1.3 billion years ago, two orbiting massive black holes, circling each other at 250 times a second, collided in a violent, universe-rippling explosion that sent waves of energy throughout the cosmos. In its wake, a new supermassive black hole formed over 60 times bigger than our Sun.

Fast forward to September 2015, gravitational waves from this ancient cosmic event finally struck Earth. Luckily, the gravitational waves weakened over such a great distance. But what if we weren’t so lucky? If a couple of black holes in our solar system collided, could we survive?

What would happen to Earth if we got hit by massive gravitational waves? What causes these waves? How can we detect them?

In 1916, Albert Einstein made waves himself with his groundbreaking theory of general relativity, known famously by the formula E=MC2, or energy equals mass times the speed of light squared. He proved energy and mass are interchangeable, and that space, or ‘spacetime,’ curves in relation to the energy and momentum of whatever matter and radiation are present.

With great foresight, Einstein inferred the collision of black holes or massive stellar objects create distortions in gravity which are pushed out in all directions. Thanks to incredible developments in atomic measurement, scientists in Washington and Louisiana, in the U.S., at the Laser Interferometer Gravitational-Wave Observatory, or LIGO for short, were able to detect and measure the first ever gravitational waves here on Earth in 2015.

This was a historic moment in science, as it was the first definitive proof of Einstein’s theory of relativity. Using laser interferometry, observatories can detect a change less than ten-thousandth the diameter of a proton. That’s one million times smaller than the width of a human hair. Since then, LIGO has measured 50 detections of gravitational waves.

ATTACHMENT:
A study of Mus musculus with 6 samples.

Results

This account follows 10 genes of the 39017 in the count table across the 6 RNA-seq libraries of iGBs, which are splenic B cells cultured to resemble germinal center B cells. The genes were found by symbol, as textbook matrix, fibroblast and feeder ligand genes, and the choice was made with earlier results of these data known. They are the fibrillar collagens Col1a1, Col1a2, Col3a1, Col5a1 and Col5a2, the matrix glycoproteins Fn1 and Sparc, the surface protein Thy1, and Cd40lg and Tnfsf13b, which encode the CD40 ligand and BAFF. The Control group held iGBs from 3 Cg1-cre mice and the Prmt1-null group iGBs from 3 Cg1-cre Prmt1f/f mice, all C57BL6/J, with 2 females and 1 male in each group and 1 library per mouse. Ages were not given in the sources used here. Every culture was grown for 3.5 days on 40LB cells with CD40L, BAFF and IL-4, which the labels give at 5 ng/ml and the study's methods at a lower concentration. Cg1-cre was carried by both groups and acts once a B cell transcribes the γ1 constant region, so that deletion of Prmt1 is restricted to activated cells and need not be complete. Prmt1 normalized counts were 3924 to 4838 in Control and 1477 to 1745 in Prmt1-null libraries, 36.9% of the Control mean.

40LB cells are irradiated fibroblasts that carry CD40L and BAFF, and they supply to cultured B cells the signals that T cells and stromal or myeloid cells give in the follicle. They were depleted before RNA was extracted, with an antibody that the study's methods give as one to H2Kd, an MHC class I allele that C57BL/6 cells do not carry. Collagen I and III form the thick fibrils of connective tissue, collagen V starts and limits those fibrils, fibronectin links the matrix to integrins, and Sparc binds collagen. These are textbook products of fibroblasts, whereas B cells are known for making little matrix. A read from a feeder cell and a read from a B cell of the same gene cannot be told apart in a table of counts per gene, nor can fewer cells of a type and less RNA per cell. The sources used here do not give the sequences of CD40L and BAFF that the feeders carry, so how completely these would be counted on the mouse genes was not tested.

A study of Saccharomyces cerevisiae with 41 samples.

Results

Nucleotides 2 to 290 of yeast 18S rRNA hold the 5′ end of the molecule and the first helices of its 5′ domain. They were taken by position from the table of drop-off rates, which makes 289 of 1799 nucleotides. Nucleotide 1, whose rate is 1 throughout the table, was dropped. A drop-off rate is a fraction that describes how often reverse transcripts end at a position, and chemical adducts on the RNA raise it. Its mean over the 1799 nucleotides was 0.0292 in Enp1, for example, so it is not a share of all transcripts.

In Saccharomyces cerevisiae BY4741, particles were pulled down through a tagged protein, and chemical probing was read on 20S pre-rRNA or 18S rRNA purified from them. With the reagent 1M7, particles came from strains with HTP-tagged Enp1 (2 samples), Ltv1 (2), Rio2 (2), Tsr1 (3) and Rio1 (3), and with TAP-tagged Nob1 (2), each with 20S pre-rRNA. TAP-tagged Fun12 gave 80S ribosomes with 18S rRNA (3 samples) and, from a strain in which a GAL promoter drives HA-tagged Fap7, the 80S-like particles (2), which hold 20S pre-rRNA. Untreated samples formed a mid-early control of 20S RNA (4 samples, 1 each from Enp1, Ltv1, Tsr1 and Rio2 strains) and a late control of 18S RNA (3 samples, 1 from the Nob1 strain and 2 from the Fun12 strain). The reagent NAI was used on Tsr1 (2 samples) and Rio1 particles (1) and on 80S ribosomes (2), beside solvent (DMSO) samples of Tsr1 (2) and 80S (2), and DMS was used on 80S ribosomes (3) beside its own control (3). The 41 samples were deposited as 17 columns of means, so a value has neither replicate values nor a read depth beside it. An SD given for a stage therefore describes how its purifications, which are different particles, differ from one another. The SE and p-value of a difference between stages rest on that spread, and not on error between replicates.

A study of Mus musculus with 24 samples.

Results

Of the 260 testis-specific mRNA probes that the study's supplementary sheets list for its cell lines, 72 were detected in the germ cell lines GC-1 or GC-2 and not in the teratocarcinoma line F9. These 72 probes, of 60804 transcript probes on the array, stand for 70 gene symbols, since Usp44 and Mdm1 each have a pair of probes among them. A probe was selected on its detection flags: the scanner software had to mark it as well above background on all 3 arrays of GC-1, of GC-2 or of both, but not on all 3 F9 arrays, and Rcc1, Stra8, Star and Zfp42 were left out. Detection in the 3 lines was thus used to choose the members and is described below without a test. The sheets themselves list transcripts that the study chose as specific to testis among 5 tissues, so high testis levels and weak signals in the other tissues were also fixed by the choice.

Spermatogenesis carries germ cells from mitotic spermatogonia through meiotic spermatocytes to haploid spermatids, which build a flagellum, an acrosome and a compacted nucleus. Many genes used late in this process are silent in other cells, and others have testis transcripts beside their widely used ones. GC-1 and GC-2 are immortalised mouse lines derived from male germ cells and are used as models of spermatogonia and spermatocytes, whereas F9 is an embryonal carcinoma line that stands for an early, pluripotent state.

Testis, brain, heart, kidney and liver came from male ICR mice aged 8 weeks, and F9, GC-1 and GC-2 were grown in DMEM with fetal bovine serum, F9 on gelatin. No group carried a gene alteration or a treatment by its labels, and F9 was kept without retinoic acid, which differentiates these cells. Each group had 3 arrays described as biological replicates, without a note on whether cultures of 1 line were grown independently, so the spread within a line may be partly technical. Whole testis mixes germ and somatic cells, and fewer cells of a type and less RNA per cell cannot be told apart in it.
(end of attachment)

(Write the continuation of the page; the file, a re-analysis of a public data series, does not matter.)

So what exactly is causing these waves and could they be catastrophic?

There are many sources of gravitational waves, including the collision of black holes, the rotation of asymmetrical neutron stars, supernovae or even remnants of gravitational radiation caused by the Big Bang. These waves travel at the speed of gravity, equal to the speed of light, and emanate outward in all directions. Like a rock being thrown in a pond, the ripples it creates dissipate over great distances and become smaller and smaller.

Luckily, in our pocket of the universe, we are over 400 million light years away from any orbiting black holes. We’re generally safe, but if these black holes happened to be in our solar system, the implications are much more dire.

When gravitational waves pass through a planet, one side is compressed as the other expands, kind of like squeezing a stress ball. Oh yeah, I could use one of those right now. As a result, time and space itself are stretched causing a slight wobble.

But if we were closer to this violent event and the waves were much bigger, this impact could potentially tear our planet apart, triggering powerful continent-splitting earthquakes, volcanic eruptions and epic storms. Earth wouldn’t really be a habitable place anymore, except for maybe extremophiles like bacteria that thrive in hydrothermal vents.

Let’s imagine our Sun was a neutron star of an imperfect, non-spherical shape, sending gravitational ripples outward as it spins. Earth would likely look more like Io, one of Jupiter’s moons, which is put under great gravitational pressure by Jupiter and, as a result, is one of the most volcanically active moons in the Solar System.

Our landscape would be covered in lava and volcanic fallout with an atmosphere made up of toxic gases like hydrogen sulfide. This would cause massive global warming and intense storms. Constant tsunamis, tornados, and well, you get the idea.

Climate chaos. We can count our blessings we are nowhere near any massive objects shooting out gravitational waves, but thankfully we can still measure them and learn more about the complexities of our universe.

Even though we get hit by gravitational waves, they are generally so small we can’t even feel any impact. But on the flipside, what would it be like if we suddenly lost our gravity?